Stephanie Slater was in graduate school when her mother passed away. "Mom had always pushed her children toward higher education," Stephanie says. "Among the seven of us, there are five bachelor's degrees and five masters'--one of my sisters has two masters." Stephanie's mom was a brisk, assertive person too, who hated to stand by and do nothing, when a response was indicated. At least people could try, she felt. "Would it kill you to ASK?" she had told Stephanie more than once—most recently when Stephanie hesitated to apply for college financial aid in the belief that she would be turned down. She had taken her mother’s advice--and received a student loan. Now, despite being devastated over the loss, Stephanie decided to continue her courses. It was what her mom would have wanted her to do.
One evening a few weeks after the funeral, Stephanie was driving home from a study group meeting in Tampa. It hadn’t gone well. An important participant hadn't attended, and Stephanie was upset about it. In fact, she was uncharacteristically irritated over a lot of things lately. Her father had just had a stroke, she was carrying a heavy load of work and school, "even the fact that it was late and dark bothered me," she says. "I continued to stew as I sat at a red light at a busy intersection."
Then—suddenly--a little boy walked in front of her headlights.
Stephanie was startled. "He was so out of place, and too young to be alone—probably only seven or eight years old," she says. "It was dark, and there were no sidewalks on the side of this road." The child looked dirty and bedraggled too, as he continued past her. What was he doing here? She should get involved, but...what if her intention was misjudged? Or what if she called to him, and he responded rudely? After the day's hassle, she was just not in the mood, and the light was about to change.
Then Stephanie heard a strong inner voice: "Well, would it KILL you to ASK?" It was her mother! Stephanie recognized not only the phrase but the attitude—-why stand by if something could be done? Immediately, Stephanie rolled down her window and called to the child. "Honey, are you lost?"
Another few feet and he would have been gone. But now he stopped, and looked towards her car. "Yes," he said, his lower lip trembling.
Stephanie and the mom agreed to meet at a nearby video store, and Michael took the phone again to receive permission to get in the car. He had wandered five miles from home, Stephanie discovered as they drove and talked. And he was twelve, far older than she had thought. “What happened?” she asked. “Did you just walk too far?”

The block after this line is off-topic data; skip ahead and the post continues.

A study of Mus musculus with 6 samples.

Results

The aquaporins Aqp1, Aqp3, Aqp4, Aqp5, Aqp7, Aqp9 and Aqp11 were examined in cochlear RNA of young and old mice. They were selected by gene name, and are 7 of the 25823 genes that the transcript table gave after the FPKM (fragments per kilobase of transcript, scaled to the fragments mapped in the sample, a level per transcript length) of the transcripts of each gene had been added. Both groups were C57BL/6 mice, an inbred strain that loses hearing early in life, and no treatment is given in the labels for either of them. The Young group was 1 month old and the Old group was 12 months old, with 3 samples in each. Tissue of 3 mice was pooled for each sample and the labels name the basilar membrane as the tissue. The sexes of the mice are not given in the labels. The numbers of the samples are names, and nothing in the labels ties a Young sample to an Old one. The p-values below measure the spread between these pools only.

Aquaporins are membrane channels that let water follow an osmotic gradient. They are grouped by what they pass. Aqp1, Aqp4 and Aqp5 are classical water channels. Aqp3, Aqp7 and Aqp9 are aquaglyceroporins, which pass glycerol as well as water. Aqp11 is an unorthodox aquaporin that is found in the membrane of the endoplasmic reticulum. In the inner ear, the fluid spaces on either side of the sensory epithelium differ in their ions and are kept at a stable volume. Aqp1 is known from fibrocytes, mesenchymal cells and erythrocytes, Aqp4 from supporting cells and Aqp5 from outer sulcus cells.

Michael paused. “I have Tourette’s Syndrome,” he told her. “Sometimes I stutter. My friends were playing and they started making fun of me, so I got mad, and started walking. All of a sudden, I didn’t know where I was.” Stephanie thought her heart would break. Who would make fun of such a precious little boy?
Just a few moments after they reached the store, Michael’s mother arrived. She wept and hugged him, and hugged Stephanie too. How terrified she must have been, Stephanie thought, as she tried to put herself in the woman’s place. And now, how joyous! Maybe God feels that way about us too, loving us just the way we are, rejoicing when we return to Him… She hadn’t ever thought of that. It added to the inexplicable serenity she had been experiencing ever since she met Michael.
Then he turned to her. “Are you an angel?” he asked.
“No, Michael,” Stephanie answered, her own eyes filling with tears. “But I think an angel put you in my path tonight."
Stephanie is more open to situations now. She often finds herself asking, “Was I put here to help in some way?” She has also learned that in the midst of grief, there can be joy. “I think this event was my mother’s way of relieving my stress, and letting me know that she’s still watching over me,” says Stephanie. “That’s my message to others who have lost a loved one: the truth is, they never really leave you.” And the work in God’s earthly kingdom continues, aided most by those who are willing to ask!